IT Works recently offered a national scholarship essay contest, where entrants were asked to write about the importance of sponsored research. Over the next few months, IT Works will be publishing many of the student essays on our website.
Author: George Madjitey
I am George Madjitey, a MHA candidate at Texas Women’s University. As we are all aware technology is the forefront of progression in our present world. In the United States alone, technologies have increased efficiency, organization, and in turn the development of many sectors of our community. In 2013, I decided to take the initiative of working in Ghana, West Africa at a local hospital called Korle Bu. I worked in the maternity ward under the Chief Medical Officer, Dr. Lassey M.D. In working there I saw ways in which the medical infrastructure contrasted ours in the States. My previous work experience at Memorial Hermann hospital in Houston, Texas provided insight as to how things operate within the health care system of the United States. Despite contrast, the health care system in Ghana, to my content, has managed to provide adequate health care needs for the general public.
Although this is the case, I saw notable issues with organization and efficiency in medical practice. I noticed a direct correlation between the efficiency and organization of the hospital and the means by which patients were documented. The practice of paper health records is still maintained throughout the health care system in Ghana, in contrast to our recent efforts in the United States to implement EHR/EMR (Electronic Health/Medical Records). In seeing the issues of organization and efficiency, and more importantly the root cause, the use of paper records, I created what I call the “EOD Project”. EOD stands for Efficiency, Organization, and Development. The focus of the project is to combat the issues of efficiency and organization with the creation/implementation of an adaptable EHR/EMR system. By doing so, this will increase efficiency and organization, resulting in further development of the health care system in Ghana. I say Ghana in the most general sense. Although Ghana is a third world nation, it stands as one of the leading developing nations in the sub-Saharan region of Africa. Ghana, standing at the forefront of development yet maintaining third world infrastructure in many of its sectors, makes it an eligible candidate for the implementation of such system. In looking towards Ghana as an archetype to execute such a system, this will allow for similar opportunities in other third world nations. With Ghana used as the initial foundation for the project, the overall objective of the EOD can be met; establishing grounds for the continued progression and development of health care on a global scale. The benefits of such system will not only further develop the health care system but can be seen as a means by which the country as a whole may benefit.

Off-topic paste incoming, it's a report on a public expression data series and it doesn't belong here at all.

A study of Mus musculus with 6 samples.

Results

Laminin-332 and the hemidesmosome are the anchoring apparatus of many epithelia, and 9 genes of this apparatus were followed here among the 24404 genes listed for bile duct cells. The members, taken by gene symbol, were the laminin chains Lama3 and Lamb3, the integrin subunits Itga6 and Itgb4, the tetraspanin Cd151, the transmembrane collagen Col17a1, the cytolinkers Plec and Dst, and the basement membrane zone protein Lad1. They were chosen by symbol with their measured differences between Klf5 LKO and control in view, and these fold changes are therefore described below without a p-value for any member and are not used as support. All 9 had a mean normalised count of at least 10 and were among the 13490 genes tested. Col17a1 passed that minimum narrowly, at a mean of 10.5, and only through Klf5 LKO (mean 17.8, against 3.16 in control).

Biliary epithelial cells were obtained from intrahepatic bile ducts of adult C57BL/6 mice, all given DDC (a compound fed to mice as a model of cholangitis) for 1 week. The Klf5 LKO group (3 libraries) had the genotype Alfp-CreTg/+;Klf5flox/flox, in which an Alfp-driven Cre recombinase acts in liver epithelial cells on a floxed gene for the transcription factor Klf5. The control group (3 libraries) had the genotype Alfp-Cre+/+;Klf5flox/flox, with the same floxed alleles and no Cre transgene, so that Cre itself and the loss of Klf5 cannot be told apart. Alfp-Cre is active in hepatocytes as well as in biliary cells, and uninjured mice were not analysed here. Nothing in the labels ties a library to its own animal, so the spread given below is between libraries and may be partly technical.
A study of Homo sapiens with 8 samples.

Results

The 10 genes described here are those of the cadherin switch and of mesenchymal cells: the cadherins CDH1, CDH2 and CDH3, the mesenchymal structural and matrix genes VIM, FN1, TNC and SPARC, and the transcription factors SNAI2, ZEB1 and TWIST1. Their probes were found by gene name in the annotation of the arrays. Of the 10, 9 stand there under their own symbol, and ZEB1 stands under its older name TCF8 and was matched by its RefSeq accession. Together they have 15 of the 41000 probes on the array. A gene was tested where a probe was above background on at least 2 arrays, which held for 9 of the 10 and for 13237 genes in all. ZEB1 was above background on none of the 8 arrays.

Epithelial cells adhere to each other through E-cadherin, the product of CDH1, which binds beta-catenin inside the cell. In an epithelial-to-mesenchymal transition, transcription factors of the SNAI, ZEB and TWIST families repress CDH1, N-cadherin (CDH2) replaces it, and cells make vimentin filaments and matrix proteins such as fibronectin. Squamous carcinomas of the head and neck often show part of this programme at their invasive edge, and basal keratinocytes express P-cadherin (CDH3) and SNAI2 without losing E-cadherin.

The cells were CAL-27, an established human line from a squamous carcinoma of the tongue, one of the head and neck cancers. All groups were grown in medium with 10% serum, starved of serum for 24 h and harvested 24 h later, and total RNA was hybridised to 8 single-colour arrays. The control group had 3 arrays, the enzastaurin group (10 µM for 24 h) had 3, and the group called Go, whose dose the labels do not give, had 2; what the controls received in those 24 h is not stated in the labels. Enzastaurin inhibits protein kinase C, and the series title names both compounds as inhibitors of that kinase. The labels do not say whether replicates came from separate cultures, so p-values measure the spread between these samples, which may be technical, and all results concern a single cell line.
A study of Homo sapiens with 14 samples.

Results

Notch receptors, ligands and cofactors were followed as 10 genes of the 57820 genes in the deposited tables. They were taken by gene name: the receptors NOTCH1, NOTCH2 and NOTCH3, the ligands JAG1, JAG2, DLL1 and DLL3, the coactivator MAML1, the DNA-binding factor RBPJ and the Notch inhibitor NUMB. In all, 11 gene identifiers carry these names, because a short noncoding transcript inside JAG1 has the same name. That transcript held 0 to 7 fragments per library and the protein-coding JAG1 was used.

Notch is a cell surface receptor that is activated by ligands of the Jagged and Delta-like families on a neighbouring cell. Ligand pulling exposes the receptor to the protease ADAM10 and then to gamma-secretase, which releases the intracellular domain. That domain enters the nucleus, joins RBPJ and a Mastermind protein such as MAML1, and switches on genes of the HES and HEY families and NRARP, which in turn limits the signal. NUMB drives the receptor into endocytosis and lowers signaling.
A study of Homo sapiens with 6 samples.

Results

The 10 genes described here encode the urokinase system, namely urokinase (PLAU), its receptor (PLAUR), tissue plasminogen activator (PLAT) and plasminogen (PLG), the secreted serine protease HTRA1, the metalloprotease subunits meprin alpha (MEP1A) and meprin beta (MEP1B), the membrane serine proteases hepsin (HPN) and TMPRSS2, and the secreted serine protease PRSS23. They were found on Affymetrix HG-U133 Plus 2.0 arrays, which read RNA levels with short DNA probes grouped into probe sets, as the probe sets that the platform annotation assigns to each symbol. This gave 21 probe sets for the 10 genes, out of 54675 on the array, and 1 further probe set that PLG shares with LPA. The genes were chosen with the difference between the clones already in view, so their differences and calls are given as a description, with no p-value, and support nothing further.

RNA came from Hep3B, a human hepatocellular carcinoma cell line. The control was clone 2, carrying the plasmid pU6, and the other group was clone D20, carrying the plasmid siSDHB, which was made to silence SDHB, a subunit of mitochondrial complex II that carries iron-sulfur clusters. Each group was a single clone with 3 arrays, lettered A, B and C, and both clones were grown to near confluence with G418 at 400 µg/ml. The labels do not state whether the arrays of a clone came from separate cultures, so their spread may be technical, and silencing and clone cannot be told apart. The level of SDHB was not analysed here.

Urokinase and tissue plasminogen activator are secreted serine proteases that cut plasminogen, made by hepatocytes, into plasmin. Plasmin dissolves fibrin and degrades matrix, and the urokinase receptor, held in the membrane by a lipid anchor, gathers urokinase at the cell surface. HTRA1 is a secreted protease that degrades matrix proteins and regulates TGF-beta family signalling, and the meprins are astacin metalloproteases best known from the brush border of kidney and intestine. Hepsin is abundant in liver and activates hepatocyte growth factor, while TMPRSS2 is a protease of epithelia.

At this current moment, the healthcare-IT market within Ghana and much of Africa is practically non-existent. Therefore the implementations of an EHR/EMR system will not only provide better health care in the long run but will also open a market, which will prove economically beneficial. In the United States, the health IT market has grown vastly and still continues to grow. It is reported that between 2012 and 2014, the health IT market of the United States will grow at a compound annual rate of 24%. This has lead to a market value estimated to exceed 110 billion dollars in 2012. This market has therefore proven essential in the progression of the United States both from a health care and economical standpoint. When looking at the advancement of healthcare in the United States, I recognize the influence that technology has had. Seeing its influence has reiterated the fact technology is a necessary tool in the advancement of societies. I believe that moving forward, more projects such as mine will incorporate technology with the purpose of solving issues of advancement. Continued research in technology is therefore an essential tool in advancing society.